Throughout the years we lose friends from our dwindling collection because of distance, both physical and emotional. Sometimes a friendship becomes toxic as a friend can betray us in the deepest consequence; they know us so well. Sadly, we terminate the relationship, feeling a bit lonelier and emptier. We want to fill the void. It’s not easy making friends anymore or is it?

There are two basic impediments to making new friends. The first is our fear of rejection: To make that first move. Many of us see women socializing at the school bus stop, a community gathering or at the gym, but we are afraid to initiate conversation, often making the excuse, “They're a clique.” Push yourself beyond your comfort zone and approach them with a warm smile and greeting. You can even prepare a witty sentence or two in advance to sound clever. Compliments go a long way in paving the way to more conversation. “I have been noticing your …and I just had to tell you…”

The second impediment to making new friends is not as obvious at the first. It is our need for instant gratification. We want a friend as soon as we meet him or her and so, overwhelm the other person. Our desperation causes the other person to see a neon light sign above our head: Beware Needy Person. Nowadays, every self-help guru advises people to stay away from energy vampires, drama queens and people without boundaries. Therefore you must go the opposite route. Slow down and take it easy to see if it’s reciprocal.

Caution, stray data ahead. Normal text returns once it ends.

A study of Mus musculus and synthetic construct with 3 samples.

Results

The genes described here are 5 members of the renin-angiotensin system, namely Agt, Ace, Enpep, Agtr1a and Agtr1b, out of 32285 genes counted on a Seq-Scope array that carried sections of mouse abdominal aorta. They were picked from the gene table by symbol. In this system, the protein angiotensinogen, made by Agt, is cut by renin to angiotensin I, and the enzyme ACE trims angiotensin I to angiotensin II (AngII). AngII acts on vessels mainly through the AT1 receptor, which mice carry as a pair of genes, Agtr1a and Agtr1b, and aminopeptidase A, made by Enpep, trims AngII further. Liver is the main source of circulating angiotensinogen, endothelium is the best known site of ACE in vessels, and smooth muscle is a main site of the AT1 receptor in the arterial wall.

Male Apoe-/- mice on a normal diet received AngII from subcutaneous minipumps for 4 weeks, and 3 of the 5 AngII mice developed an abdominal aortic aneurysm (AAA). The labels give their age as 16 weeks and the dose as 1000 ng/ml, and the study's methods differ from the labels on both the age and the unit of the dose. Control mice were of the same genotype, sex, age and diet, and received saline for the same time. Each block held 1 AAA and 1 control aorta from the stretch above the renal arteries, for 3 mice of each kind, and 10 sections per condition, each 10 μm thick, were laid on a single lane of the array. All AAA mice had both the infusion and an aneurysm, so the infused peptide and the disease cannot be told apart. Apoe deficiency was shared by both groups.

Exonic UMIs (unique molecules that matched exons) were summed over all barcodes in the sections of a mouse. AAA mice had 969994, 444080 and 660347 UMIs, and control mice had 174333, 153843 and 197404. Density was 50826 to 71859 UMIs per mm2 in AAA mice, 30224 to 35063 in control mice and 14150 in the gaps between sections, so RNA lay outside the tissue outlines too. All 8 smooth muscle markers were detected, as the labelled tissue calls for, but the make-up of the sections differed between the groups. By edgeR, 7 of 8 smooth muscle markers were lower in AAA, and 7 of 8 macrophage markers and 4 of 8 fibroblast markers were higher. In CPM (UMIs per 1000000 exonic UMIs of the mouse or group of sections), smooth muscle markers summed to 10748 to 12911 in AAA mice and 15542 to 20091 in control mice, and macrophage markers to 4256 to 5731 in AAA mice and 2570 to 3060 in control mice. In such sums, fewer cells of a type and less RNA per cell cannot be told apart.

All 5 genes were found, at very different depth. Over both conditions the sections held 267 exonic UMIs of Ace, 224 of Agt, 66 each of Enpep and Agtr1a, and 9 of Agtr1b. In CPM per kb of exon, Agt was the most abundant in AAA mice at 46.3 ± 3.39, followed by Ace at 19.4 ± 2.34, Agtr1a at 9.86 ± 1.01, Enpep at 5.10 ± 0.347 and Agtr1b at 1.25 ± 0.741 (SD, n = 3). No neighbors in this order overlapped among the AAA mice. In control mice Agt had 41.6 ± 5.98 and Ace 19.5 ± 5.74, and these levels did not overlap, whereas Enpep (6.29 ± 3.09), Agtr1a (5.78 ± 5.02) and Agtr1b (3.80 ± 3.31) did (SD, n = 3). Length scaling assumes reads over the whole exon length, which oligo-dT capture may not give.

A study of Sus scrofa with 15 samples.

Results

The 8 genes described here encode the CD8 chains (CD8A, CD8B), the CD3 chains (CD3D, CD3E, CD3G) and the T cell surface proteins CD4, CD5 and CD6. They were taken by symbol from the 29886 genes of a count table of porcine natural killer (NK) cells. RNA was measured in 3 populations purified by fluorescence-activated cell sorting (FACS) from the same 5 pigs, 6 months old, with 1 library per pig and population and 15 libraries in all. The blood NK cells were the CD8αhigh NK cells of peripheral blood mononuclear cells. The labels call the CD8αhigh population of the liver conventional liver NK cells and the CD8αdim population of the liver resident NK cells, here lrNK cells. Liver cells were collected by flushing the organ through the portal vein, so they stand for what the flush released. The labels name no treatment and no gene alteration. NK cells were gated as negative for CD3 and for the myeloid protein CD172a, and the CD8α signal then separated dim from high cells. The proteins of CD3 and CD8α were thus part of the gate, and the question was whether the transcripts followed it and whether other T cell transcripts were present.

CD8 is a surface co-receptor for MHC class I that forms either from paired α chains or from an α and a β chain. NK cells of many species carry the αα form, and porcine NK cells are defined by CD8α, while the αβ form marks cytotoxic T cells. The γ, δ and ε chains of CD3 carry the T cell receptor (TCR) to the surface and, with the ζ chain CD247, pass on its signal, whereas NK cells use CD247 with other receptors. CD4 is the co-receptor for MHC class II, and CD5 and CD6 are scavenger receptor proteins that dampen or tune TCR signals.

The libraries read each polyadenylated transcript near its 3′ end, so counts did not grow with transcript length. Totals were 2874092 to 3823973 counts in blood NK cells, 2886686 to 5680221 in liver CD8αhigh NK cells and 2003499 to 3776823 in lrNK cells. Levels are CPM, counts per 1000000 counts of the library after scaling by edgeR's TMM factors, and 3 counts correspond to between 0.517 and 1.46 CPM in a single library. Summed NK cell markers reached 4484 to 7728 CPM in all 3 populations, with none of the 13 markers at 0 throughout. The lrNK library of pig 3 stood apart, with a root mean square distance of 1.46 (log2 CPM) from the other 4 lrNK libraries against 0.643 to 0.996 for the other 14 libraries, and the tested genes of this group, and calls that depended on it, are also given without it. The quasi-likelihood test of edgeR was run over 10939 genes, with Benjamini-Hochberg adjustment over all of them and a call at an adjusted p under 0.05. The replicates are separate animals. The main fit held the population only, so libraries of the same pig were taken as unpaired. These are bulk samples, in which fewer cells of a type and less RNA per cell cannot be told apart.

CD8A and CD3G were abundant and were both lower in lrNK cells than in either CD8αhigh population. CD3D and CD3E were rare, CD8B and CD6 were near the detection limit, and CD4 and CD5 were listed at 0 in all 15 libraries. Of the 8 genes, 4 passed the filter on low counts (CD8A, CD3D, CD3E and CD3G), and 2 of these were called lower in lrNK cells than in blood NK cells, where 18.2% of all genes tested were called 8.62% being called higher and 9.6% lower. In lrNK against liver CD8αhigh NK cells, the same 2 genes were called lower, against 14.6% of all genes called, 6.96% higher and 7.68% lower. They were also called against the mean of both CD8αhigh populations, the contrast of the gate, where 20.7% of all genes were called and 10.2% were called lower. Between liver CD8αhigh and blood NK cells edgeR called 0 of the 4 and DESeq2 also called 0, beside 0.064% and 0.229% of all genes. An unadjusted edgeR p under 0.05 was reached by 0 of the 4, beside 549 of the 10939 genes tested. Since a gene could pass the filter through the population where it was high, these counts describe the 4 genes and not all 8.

I remember years ago moving into my new neighborhood. Busy with teaching, raising my children and helping out my elderly parents, left me with barely enough time to spend with my spouse. One member of my new community kindly invited me to lunch. She was witty, out there in a fun kind of way, and we had a good time. The next thing I knew she began stalking me. She called me every night. Then she wanted to make plans with our children, which we did. They stayed at my house forever until I literally drove them home – the next day! At first, I liked her, but soon I felt cornered and realized this relationship must not take root. I explained to her that quality friendships take time and new acquaintances should unfold gradually, “Aren’t we rushing it a bit?” In seventh grade you can be someone’s best friend in thirty minutes, but adults need time to explore more slowly. Moreover, adults have been hurt before and are wary. My honest words ended the friendship at that moment and she angrily responded with the equivalent of the school yard chant: “Not your friend!” She added that I was cold-hearted and cruel. I listened quietly to her criticism, but frankly, I was relieved that the non-friendship was formally over.

Don’t forget if you want to forge new friendships, make sure that it’s not all about you. Pay attention to what is going on in the other person’s life and be genuinely interested.

To make new friends get out there:
For more information on making new friends learn how to become a friend to yourself by reading my book, Turn On Your Inner Light: Fitness for Body, Mind and Soul. To listen to archived radio shows with guest experts visit Turn On Your Inner Light Radio Show




This content was written by Debbie Mandel. If you wish to use this content in any manner, you need written permission. Contact Debbie Mandel for details.